R. Gordon Wasson was an international banker, amateur mycologist, and author. He was born in Montana, raised in New Jersey, and served as a radio operator in the American Expeditionary Forces during World War I. After the war Wasson studied at the Columbia School of Journalism and the London School of Economics.
Wasson taught English and worked as a journalist for various magazines before, in 1926, marrying Valentina Pavlovna Guercken, a Russian-born pediatrician. Valentina's Russian upbringing included a comfort with wild mushrooms in contrast to Wasson's innate fear and repulsion. They explored the issue and together coined the terms "mycophobe" and "mycophile".
This interest in mushrooms led Wasson to Mexico in 1953 where he sought evidence of hallucinogenic mushrooms and their use by native people. He eventually met Maria Sabina, a Mazatec curandera who initiated Wasson into the experience of psilocybin mushrooms. He wrote up his experience in a famous article in Life Magazine in 1957. Wasson is also credited with having collected the first herbarium sample of Salvia divinorum in 1962 during his travels in Mexico.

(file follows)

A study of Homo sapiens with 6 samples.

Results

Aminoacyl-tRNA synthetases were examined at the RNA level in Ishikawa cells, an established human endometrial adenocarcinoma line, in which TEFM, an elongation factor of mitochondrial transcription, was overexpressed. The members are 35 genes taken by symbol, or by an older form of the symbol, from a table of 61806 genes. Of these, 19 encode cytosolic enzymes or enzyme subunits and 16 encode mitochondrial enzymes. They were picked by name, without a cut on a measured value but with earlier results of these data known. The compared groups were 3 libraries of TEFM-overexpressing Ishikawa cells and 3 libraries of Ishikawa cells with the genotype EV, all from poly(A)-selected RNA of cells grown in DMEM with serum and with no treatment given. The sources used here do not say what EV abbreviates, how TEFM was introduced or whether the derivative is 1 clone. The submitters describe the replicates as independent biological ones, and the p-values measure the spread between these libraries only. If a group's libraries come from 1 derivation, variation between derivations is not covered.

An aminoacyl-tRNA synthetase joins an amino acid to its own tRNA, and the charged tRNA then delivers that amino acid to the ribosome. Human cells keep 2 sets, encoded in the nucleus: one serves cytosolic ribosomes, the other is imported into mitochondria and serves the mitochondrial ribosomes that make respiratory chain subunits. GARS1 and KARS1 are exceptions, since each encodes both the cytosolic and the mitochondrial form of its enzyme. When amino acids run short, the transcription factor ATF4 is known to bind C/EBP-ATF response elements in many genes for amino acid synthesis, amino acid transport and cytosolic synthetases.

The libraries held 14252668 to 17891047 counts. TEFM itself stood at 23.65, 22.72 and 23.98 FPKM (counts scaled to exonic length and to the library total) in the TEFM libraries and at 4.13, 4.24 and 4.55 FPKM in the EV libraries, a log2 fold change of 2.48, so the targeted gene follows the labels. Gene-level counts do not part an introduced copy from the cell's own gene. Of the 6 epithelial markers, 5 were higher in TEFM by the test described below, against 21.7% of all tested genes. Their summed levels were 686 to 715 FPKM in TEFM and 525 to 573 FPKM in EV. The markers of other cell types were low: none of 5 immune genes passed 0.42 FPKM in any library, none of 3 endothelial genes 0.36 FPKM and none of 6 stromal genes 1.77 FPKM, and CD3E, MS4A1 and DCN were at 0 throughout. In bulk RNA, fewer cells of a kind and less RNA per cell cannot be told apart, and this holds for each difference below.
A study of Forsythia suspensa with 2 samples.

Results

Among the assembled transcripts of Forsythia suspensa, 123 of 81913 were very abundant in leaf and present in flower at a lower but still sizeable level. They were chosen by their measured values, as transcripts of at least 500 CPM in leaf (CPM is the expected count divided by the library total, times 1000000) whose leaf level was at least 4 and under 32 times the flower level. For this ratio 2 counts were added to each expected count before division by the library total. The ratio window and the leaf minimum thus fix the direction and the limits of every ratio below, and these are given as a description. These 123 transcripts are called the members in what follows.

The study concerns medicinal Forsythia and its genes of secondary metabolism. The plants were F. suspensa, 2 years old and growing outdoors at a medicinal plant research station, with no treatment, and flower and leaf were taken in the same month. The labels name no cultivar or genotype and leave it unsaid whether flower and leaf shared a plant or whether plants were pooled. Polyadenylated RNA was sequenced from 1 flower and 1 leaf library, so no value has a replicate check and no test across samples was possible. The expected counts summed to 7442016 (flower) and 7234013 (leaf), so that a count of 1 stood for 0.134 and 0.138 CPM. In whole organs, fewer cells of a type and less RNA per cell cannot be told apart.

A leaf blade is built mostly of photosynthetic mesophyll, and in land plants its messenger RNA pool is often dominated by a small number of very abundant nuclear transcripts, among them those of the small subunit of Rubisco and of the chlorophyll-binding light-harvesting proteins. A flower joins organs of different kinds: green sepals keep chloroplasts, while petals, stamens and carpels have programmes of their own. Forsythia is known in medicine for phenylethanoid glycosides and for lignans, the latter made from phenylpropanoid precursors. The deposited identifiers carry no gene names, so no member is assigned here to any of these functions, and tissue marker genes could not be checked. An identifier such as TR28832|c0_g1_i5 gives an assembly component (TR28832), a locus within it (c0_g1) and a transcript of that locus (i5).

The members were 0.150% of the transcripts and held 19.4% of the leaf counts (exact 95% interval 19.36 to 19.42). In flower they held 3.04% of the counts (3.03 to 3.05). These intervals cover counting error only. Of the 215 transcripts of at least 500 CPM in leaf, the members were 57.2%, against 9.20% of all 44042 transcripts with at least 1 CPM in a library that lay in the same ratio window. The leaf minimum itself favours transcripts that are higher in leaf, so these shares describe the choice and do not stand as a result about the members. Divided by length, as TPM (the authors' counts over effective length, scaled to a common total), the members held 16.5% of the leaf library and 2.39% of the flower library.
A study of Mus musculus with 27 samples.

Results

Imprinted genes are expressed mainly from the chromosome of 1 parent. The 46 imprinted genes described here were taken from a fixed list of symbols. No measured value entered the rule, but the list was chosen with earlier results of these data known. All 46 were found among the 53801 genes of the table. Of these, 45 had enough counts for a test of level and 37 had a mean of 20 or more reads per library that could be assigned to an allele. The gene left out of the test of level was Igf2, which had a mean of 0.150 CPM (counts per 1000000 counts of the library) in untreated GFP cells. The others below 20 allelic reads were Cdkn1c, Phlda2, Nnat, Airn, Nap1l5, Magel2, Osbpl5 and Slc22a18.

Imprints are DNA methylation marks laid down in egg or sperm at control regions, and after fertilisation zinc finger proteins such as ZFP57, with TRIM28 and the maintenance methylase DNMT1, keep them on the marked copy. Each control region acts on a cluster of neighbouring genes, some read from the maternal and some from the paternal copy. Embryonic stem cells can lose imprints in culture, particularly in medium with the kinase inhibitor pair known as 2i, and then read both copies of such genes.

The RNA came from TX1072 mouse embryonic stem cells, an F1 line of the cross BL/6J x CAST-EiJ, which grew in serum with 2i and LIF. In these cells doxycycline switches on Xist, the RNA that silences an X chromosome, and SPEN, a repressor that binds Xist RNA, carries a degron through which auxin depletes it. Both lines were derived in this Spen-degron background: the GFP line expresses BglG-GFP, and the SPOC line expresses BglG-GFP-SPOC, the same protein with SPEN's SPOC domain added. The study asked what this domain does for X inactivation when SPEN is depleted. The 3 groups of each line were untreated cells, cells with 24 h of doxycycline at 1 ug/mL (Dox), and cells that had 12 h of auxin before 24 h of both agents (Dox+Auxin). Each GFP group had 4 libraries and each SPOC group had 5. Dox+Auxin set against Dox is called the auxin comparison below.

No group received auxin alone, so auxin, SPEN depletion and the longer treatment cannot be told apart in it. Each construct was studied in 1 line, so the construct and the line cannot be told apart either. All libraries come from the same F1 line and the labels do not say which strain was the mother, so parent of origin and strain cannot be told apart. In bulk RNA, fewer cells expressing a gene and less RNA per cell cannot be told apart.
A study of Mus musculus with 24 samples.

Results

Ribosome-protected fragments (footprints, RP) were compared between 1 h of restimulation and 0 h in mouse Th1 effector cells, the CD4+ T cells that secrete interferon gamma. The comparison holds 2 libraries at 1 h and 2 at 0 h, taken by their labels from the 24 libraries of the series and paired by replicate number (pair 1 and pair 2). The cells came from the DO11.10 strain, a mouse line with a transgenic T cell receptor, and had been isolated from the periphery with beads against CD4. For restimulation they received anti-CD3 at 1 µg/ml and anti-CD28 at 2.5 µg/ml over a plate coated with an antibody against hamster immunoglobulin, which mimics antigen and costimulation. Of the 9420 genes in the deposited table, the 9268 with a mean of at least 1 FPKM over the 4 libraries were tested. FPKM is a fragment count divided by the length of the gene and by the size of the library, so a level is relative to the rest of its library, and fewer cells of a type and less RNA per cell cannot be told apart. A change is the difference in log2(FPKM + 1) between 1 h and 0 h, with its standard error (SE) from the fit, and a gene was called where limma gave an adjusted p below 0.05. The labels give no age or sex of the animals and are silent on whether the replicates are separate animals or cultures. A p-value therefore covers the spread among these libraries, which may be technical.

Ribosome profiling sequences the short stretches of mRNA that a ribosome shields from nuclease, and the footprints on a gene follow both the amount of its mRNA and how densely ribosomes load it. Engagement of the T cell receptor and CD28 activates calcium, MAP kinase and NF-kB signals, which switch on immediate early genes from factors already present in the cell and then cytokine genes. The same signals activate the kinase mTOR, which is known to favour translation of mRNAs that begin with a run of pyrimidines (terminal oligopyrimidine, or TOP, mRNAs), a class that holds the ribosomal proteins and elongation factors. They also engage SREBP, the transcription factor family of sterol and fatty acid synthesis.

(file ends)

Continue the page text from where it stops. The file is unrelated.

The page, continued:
In 1963, Wasson began researching the identity of Indian soma, with the theory that it could be identified as the Amanita muscaria mushroom. He travelled widely for more than five years before publishing his controversial results in the book Soma in 1969. In 1973, Wasson -- along with Jonathan Ott, Carl Ruck, Danny Staples and Jeremy Bigwood -- coined the term "entheogen" to describe mind-altering plants or chemicals which can induce a divine experience.